Thorium Investing 2018
President Trump and several other world leaders are scrambling to deal with hostile nations developing nuclear weapons programs under the guise of energy research.
Only time will tell how it will all work out. But as the rhetoric and fear surrounding nuclear weapons and energy research builds, investor interest may begin to grow around a little-known nuclear fuel: thorium. And that could mean money in your pocket.
What is thorium?
Thorium is one of the basic universal elements, like hydrogen and gold. It’s a radioactive material that's closely related to uranium. And like uranium, the metal can be used to fuel a nuclear chain reaction to power plants and make electricity.
Most current thorium applications use its dioxide in a number of different ways, like producing filaments and heat-resistant ceramics. But thorium's most important application is its potential use for nuclear energy.
The technology is still in development, and there are currently no nuclear reactors fueled by thorium. Today’s nuclear reactors are fueled by uranium or plutonium. But using thorium as a fuel to run a nuclear power plant has an important geopolitical angle that will be more and more important in the future.
The science is a bit above my pay grade here, but the short of it is this...
Current uranium-fueled nuclear reactors are cooled by water or liquid metal. These reactors can be used to produce material for nuclear weapons. We don’t want the bad guys to have these types of reactors.
But a different type of reactor, one cooled by molten salt, does not create good material for bombs. And the best-known material for running one of these molten salt reactors is thorium.
Thorium-fueled molten salt reactors are still a long way from commercial application. But they are a much better option to allow possibly hostile nations to develop since they can’t produce good material for nuclear weapons.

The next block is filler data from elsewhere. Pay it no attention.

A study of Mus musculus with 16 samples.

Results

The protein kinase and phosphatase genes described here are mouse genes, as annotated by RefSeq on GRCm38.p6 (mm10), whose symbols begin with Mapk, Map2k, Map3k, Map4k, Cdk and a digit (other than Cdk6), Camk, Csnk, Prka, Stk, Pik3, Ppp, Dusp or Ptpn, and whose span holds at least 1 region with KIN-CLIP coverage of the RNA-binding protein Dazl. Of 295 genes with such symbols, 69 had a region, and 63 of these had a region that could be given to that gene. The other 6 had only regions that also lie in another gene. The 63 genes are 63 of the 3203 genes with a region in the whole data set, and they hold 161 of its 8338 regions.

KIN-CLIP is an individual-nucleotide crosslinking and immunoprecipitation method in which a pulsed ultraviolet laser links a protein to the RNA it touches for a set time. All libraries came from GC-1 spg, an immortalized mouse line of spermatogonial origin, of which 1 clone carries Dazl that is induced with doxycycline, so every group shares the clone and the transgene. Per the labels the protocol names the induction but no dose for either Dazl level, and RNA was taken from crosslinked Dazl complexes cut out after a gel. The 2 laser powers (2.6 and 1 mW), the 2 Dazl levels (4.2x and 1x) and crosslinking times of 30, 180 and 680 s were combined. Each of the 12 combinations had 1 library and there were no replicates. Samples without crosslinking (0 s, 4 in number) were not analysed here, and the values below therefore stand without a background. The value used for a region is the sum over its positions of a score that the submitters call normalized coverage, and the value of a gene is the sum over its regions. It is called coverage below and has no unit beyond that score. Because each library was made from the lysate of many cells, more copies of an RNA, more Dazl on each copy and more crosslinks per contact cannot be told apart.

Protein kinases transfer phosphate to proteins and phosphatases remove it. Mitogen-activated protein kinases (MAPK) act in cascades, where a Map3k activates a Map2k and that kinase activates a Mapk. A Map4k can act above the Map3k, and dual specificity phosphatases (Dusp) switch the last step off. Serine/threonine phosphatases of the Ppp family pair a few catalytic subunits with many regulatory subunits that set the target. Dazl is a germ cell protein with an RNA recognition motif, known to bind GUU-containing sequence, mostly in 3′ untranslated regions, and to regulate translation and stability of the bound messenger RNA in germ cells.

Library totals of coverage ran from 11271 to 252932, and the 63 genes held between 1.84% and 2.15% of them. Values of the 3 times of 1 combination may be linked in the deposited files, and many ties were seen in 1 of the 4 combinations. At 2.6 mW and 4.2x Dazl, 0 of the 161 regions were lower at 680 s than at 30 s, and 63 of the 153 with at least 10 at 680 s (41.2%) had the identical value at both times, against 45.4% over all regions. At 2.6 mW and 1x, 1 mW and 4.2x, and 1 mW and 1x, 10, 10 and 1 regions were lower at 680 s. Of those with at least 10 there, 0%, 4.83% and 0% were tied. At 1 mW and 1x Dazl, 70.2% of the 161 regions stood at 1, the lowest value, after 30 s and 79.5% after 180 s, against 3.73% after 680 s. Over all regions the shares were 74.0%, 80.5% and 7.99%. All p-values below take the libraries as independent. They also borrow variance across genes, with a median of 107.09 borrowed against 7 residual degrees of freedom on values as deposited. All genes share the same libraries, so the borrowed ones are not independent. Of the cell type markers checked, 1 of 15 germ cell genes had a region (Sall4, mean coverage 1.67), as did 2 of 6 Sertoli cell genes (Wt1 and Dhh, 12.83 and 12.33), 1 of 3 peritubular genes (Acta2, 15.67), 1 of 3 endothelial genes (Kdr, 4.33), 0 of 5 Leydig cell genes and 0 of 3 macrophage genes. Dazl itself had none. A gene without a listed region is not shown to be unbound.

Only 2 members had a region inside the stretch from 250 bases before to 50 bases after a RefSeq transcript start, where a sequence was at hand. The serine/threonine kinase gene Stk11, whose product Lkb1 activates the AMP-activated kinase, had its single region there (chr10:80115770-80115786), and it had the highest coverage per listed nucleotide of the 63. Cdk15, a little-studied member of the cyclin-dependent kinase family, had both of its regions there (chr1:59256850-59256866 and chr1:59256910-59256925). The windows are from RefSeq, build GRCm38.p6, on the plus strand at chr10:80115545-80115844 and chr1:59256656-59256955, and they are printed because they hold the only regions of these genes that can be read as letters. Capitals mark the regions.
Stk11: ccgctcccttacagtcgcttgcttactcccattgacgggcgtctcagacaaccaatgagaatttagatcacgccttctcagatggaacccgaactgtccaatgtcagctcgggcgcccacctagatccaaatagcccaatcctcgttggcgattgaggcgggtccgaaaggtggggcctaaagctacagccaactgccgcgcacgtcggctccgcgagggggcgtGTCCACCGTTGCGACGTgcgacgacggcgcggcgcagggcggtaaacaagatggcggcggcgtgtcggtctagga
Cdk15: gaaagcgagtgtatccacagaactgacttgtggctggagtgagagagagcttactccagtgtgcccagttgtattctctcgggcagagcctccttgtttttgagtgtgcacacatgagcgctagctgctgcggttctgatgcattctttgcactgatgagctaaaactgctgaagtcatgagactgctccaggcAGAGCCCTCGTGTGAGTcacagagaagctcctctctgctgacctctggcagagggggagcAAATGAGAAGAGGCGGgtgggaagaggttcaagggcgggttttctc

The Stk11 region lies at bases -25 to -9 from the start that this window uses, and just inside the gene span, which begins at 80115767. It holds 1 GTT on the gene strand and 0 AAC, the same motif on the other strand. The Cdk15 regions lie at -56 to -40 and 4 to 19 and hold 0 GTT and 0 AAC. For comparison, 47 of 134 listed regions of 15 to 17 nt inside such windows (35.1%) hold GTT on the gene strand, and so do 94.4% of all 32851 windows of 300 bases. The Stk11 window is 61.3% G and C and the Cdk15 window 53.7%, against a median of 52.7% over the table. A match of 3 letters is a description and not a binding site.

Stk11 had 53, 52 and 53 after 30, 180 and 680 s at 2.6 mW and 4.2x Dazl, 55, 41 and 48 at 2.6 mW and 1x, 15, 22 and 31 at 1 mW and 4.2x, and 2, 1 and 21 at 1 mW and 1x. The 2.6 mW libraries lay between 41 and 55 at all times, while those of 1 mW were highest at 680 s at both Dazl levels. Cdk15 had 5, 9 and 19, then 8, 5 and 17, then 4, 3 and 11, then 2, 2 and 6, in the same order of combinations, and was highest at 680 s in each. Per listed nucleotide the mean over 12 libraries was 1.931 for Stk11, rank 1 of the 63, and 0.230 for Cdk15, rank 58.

Investing in thorium can be tough. Obviously there’s no owning the physical metal, and there are no thorium ETFs or futures.
The thorium market is closed to only a handful of industrial traders. But there are a few public companies that explore and produce the nuclear fuel.
There are one or two small junior companies focused on exploring for thorium. But companies with the largest thorium assets are large uranium miners. Uranium miners like Cameco Corp. (NYSE: CCJ) are mining uranium in areas that also have concentrations of thorium.
Continued geopolitical distress will eventually push leaders to seek safe nuclear alternatives. Even though the technology is still years away from perfection, thorium-fueled molten salt reactors may be a big part of those alternatives. And that could lead to profits for the well-positioned investor.
Thorium could be the nuclear fuel of the future. Keep a close eye on it.
Until next time,
As an editor at Energy and Capital, Luke’s analysis and market research reach hundreds of thousands of investors every day. Luke is also a contributing editor of Angel Publishing’s Bubble and Bust Report newsletter. There, he helps investors in leveraging the future supply-demand imbalance that he believes could be key to a cyclical upswing in the hard asset markets. For more on Luke, go to his editor’s page.